Health and the health protection of citizens are main priorities both in Switzerland and in the EU. Through its health policy, the EU aims to prevent diseases, promote a healthier lifestyle and protect people from health risks. Thus, it pursues the same objectives as Switzerland’s health policy.
Growing cross-border flows of people and freight are increasing health risks such as flu pandemics, food crises, defective medical products or dangerous toys for Switzerland as well. These challenges can only be efficiently contained and combated in cooperation with our neighboring countries and the EU.
Common platform for cross-border heath issues
In the EU, the member states are responsible for the organisation and provision of their national health-care services. The EU complements their work by bringing the member states together and creating common platforms to deal with cross-border health care issues. Examples of issues which are discussed at EU level include the provision of safe and affordable medicines and medical devices, tobacco prevention, cross-border healthcare, antimicrobial resistance and the fight against cancer. The member states can discuss these issues and consequently find a better way to collectively tackle mutual health-care problems.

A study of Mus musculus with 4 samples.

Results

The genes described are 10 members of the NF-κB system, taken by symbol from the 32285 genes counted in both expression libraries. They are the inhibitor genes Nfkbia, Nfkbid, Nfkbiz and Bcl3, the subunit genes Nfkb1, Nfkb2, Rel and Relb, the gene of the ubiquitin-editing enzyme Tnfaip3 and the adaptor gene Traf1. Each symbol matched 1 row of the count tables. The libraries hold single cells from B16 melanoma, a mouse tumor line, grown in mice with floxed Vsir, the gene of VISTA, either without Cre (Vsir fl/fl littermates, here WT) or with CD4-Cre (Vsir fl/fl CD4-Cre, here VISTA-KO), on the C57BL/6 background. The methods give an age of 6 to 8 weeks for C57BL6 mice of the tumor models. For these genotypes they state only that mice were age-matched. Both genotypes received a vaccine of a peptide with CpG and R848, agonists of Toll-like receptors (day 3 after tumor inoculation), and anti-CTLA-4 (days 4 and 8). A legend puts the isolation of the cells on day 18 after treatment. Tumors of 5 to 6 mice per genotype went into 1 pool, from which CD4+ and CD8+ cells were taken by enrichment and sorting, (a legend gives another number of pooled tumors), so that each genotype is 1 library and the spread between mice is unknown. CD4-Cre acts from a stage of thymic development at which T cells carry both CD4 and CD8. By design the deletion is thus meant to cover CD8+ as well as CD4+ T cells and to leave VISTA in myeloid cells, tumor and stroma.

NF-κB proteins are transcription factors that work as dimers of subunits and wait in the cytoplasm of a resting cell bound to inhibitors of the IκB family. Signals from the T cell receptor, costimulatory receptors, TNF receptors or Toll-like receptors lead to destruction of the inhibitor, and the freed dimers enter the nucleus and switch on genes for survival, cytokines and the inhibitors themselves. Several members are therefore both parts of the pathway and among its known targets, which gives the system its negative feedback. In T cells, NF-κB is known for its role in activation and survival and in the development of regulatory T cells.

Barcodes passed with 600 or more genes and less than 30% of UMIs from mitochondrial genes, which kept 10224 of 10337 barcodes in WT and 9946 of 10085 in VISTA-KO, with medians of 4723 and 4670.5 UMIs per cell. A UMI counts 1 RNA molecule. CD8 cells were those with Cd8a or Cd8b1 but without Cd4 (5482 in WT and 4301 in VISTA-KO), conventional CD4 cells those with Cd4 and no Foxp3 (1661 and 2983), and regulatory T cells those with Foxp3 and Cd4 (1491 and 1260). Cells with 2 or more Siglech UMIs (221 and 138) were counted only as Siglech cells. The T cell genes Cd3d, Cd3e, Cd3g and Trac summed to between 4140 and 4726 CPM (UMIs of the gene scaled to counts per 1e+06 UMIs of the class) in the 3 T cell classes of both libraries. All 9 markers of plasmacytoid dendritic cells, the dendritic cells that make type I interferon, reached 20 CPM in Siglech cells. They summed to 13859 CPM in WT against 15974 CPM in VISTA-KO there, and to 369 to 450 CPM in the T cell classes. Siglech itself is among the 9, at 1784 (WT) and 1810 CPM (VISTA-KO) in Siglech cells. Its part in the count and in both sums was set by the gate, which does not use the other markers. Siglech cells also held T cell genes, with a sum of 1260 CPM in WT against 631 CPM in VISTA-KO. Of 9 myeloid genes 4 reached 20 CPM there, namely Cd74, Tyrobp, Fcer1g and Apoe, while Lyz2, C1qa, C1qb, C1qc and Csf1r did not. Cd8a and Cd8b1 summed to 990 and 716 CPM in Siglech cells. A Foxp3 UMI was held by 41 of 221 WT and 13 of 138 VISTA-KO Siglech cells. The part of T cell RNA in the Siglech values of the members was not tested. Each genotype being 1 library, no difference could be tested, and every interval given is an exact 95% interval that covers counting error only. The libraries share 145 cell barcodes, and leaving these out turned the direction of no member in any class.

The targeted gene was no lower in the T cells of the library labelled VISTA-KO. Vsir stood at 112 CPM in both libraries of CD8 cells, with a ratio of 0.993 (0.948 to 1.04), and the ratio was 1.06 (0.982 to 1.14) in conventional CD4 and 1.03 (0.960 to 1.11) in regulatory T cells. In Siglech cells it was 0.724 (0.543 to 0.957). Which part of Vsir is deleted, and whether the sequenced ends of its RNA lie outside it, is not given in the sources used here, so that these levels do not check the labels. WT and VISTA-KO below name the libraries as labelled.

In addition to risk assessment agencies, the EU has efficient early warning and rapid alert systems. One of these systems is for example the RASFF (Rapid Alert System for Food and Feed). Thanks to this system, the EU member states and the EU Commission can share information on food products that are hazardous to health, and at the same time rapidly withdraw defective products from the market, as in the case of toxic residues or salmonella in food.
To extend cooperation with the EU in these areas and to ensure full participation in its coordination systems, the Federal Council adopted in 2008 a negotiating mandate with the EU in the food safety and public heath areas, among others. These negotiations are now closed at a technical level and the agreement is ready to be signed. However, the EU would first like to make progress on the institutional agreement with Switzerland before signing new agreements.
Switzerland monitors EU policy in the public health, pharmaceuticals and medicinal products sectors as well as in the areas of food and product safety. As a member of the European Free Trade Association (EFTA), Switzerland also participates as an observer in the ad-hoc working groups of the European Economic Area (EEA).